Bahamian Durward Knowles was already a sailing legend when we first met in Newport Beach in 1959. Knowles had been taught sailing at a young age by his father, worked as a Nassau Bar Pilot, won the Star World's Championship in 1947 and the Bronze Medal in the 1956 Olympics. His red Starboats, all named GEM, were invariably found at the head of the fleet. Durward was in the very top echelon of Star sailors, the best in the world.

Durward and crew had arrived early in Newport that August. I was honored to be asked to practice as their tune-up boat. Unlike San Pedro, 20 miles west, where Durward had won the '47 Worlds, the course off Newport has predominantly light airs, 8-14 knots, with a fair amount of Pacific ground swell, leftover waves from better winds to the west, and powerboat slop.

Local sailors become proficient at handling these conditions, "the washing machine," which are somewhat mystifying at first to the outsider. As a 14 year old I had gotten good at it, which turned out to be a bit deflating to the ever jovial Mr. Knowles. As he wrote of his experience, "I didn't mind so much that Skip kept passing us." "But every time he wiped us off the kid would luff up and say, 'Had enough? I have to go home.'" Durward interpreted this to mean, "Now do you give up?" whereas actually it was too late for me to be out on the ocean according to family rules and I didn't want to get into trouble.

Durward kept his grin all that week and the next, laughing at practical jokes, one of which was an unidentified competitor, possibly named Blackaller, repainting the name of Knowles Star from GEM to "GERM."

Durward Knowles reached the pinnacle of a lifetime of sailing in 1964 when he and Cecil Cooke won the Olympic Gold Medal in the Star Class in Tokyo. They came home to the Bahamas as national heroes, and he was knighted Sir Durward in 1996.


Durward Knowles was a great humanitarian and supported sailing and his island country all his long life. He was especially fond of helping juniors. His Star sits in position of honor at the entrance to the Nassau Yacht Club.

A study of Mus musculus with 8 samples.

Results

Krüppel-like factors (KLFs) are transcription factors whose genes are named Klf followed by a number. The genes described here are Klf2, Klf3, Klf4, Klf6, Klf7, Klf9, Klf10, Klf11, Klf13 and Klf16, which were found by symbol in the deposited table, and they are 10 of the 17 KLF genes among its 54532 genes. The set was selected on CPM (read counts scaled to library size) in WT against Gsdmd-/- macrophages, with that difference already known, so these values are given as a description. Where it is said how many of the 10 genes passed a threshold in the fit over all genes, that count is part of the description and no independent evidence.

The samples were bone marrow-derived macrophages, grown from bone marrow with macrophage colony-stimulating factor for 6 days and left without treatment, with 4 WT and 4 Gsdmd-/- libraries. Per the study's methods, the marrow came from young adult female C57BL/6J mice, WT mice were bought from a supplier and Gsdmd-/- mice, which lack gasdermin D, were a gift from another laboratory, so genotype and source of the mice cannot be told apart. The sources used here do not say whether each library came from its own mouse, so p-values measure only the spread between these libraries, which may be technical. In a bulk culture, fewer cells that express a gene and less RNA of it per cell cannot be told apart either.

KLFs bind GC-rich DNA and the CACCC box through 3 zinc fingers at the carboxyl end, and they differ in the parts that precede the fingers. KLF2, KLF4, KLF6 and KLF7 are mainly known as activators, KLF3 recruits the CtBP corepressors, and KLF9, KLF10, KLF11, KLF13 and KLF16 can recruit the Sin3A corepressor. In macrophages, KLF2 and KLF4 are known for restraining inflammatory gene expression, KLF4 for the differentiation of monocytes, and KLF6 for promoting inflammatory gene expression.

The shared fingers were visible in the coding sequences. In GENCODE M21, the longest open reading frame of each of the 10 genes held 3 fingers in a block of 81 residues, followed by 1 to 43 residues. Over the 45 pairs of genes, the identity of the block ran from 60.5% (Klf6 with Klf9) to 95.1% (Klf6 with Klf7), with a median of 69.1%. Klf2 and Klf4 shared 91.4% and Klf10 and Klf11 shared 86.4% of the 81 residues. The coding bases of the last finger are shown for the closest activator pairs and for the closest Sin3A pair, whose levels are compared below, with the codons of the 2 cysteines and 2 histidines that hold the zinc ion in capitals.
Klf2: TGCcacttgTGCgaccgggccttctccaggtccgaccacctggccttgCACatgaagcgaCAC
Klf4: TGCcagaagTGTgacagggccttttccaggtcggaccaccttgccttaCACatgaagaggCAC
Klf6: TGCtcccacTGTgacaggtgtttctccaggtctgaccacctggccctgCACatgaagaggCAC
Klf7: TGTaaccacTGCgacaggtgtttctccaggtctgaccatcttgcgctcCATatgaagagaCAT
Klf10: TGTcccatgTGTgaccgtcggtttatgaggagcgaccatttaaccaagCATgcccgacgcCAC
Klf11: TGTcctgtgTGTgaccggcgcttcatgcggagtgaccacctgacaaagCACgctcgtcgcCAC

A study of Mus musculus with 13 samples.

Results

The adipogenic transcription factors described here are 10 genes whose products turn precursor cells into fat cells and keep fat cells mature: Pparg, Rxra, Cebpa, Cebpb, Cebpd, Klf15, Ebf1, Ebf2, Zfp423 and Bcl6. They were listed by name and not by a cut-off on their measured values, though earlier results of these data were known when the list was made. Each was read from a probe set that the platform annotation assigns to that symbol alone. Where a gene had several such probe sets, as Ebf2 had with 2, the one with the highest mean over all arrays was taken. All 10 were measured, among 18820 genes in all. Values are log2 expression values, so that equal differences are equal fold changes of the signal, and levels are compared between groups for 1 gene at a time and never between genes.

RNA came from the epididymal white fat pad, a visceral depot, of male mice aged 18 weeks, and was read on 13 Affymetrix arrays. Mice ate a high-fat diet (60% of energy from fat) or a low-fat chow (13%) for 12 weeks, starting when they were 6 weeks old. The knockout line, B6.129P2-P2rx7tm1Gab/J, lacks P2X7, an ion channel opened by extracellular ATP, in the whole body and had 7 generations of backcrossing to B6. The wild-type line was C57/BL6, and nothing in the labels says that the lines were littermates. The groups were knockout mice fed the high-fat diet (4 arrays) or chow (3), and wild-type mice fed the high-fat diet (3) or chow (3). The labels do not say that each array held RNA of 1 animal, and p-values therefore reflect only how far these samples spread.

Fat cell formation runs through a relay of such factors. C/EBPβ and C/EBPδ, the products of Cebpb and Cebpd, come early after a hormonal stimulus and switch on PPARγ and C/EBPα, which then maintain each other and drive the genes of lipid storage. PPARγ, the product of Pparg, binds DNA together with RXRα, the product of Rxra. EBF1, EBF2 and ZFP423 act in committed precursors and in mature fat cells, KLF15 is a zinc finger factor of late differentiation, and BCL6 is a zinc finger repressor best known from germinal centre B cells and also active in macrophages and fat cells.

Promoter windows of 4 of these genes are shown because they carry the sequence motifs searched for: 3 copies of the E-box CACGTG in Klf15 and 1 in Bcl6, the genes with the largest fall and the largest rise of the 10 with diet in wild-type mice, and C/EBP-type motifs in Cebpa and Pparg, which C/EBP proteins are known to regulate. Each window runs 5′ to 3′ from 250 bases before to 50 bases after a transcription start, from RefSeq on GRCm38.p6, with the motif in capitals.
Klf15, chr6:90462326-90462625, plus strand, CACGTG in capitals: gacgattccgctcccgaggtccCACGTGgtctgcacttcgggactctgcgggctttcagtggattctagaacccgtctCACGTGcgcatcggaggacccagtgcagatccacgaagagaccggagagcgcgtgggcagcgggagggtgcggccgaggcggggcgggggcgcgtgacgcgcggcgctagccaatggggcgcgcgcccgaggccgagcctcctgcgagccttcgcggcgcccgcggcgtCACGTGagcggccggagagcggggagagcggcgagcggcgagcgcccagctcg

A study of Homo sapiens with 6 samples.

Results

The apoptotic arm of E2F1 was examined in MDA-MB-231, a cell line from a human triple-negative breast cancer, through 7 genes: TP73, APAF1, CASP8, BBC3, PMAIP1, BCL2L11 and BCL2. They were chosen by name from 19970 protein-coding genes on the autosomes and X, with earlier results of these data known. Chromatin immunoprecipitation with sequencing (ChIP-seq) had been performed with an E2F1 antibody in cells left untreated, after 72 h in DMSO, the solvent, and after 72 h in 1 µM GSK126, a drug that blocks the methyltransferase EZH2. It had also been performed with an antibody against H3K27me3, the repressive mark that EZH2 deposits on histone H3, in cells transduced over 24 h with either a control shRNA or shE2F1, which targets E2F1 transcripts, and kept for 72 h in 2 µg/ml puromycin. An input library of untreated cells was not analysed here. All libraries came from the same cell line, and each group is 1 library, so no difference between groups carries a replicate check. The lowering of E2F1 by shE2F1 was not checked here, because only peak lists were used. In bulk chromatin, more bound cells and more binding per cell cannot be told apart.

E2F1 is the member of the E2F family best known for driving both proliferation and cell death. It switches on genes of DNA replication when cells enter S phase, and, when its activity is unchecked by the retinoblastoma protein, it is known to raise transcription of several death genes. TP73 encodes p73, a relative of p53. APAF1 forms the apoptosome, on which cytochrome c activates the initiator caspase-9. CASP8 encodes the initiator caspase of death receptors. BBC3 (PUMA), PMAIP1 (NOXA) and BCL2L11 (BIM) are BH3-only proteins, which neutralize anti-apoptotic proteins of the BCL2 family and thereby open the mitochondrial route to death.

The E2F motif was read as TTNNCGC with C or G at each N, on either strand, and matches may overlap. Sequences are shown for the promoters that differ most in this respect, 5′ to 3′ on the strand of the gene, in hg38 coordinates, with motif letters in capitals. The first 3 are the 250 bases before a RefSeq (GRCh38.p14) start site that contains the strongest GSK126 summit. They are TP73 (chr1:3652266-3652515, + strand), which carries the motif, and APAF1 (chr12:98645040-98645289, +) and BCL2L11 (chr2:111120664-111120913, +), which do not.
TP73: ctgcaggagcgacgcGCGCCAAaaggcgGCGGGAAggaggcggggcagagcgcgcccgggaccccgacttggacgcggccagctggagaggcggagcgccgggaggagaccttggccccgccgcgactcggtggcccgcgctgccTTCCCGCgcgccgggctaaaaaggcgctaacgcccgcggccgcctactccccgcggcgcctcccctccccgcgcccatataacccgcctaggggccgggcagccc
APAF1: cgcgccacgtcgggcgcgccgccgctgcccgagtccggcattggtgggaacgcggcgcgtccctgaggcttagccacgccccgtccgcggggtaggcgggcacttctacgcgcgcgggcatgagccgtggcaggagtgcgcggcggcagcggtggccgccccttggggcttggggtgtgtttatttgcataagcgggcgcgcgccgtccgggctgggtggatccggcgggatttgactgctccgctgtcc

Below a photo of Sir Durward Knowles with fellow Star World's champion (1988) Paul Cayard.


I never had the privilege of sailing with Sir Durward, but had the pleasure of dining with him during the old SORC days. A class act with many tales. Fair winds, Sir!


Must be something in Star boats,  my old college coach sailed them too and was still sailing in his mid-90s.



He was an unofficial ambassador for the Bahamas inviting many classes to hold championships in Nassau. This improved tourism which is the mainstay of the Bahamian economy.

When he won his first medal in the Olympics, a Bronze (later a Gold), he was the first Bahamian ever to win a medal in the Olympics. The country celebrated and he became a household name of national pride.

All of this lead to the Queen of England "Knighting" Durwood who became my friend, Sir Durwood Knowles.

Before Nassau dredged to allow ships to come to docks, ships anchored on the shelf. Durwood would go out on a Pilot Boat to the ship as it was coming in, climb the Jacob's Ladder to the bridge and tell the ship how far to pull up not to run aground and to be over the shelf to drop their anchor.  One time, the QE2 with the Queen aboard arrived, he told them to pull up and stop and drop the anchor here.  They pull the pin, the anchor goes down with the chain clattering, and clattering, and clattering.  He missed the shelf and the anchor and chain was gone for good.  "Pull up some more."  This was before any knighting, I guess the Queen forgot about this one!

Last year I asked Sir Ben Ainslie if he were familiar with Sir Durwood Knowles.  He said he wasn't and that they should meet, I agreed and told him to "hurry up" that Durwood wasn't any spring chicken!  I hope they met.